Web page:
From Hospital To Hotel: Behind The Reno Of This Storied Chicago Building



If you didn’t know anything about Chicago architectural history, you’d step into the new 210-room Hyatt House and Hyatt Place Chicago Medical/University District hotel and never guess you were standing in a spot where gurneys were once wheeled through.

Indeed, the massive undertaking of renovating the original Beaux Arts building, which was first constructed in 1857, was remarkably well executed, preserving the original masonry detailing of the façade, the wood-framed windows, interior decorative plaster work, the double-height main lobby, elevator cores and terrazzo flooring.

More than $18 million was spent replacing windows and 4,160 terra-cotta pieces on the granite, brick and limestone exterior. The pièce de résistance: The 106-year-old restored marble stone staircase, which now connects the lobby and the second floor of the Hyatt. Architecture firm Skidmore, Owings & Merrill matched the existing valley gray marble reserved for historic projects, while Chicago-based KOO added modern gold-leaf sconces to illuminate the steps.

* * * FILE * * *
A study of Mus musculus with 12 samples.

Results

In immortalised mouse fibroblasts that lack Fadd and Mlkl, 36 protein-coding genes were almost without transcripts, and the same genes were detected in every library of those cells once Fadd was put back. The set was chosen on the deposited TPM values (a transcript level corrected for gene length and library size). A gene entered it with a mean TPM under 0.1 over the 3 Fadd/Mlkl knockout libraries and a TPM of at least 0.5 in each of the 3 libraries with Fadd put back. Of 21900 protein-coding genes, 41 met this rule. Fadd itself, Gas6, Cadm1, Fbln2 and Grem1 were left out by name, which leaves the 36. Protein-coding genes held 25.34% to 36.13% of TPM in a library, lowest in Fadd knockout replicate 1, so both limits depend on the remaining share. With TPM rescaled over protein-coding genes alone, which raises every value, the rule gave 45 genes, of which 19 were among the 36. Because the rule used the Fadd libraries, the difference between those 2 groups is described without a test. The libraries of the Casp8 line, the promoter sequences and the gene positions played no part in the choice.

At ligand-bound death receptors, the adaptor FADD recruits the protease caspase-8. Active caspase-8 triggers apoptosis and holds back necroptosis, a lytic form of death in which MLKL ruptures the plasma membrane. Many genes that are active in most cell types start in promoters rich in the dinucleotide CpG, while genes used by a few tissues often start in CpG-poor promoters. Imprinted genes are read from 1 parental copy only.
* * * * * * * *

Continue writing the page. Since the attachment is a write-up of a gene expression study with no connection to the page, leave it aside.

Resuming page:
They also created an intimate spot on the curvaceous stair’s niche, adding a chaise and framed photograph of Hygeia, the Greek goddess of health, while statement lighting by Hubbardton Forge illuminates the room. Part of a $1 billion multiphase adaptive reuse project, the hotel also has meeting space and a food hall, and houses Cook County Health medical offices and a daycare facility.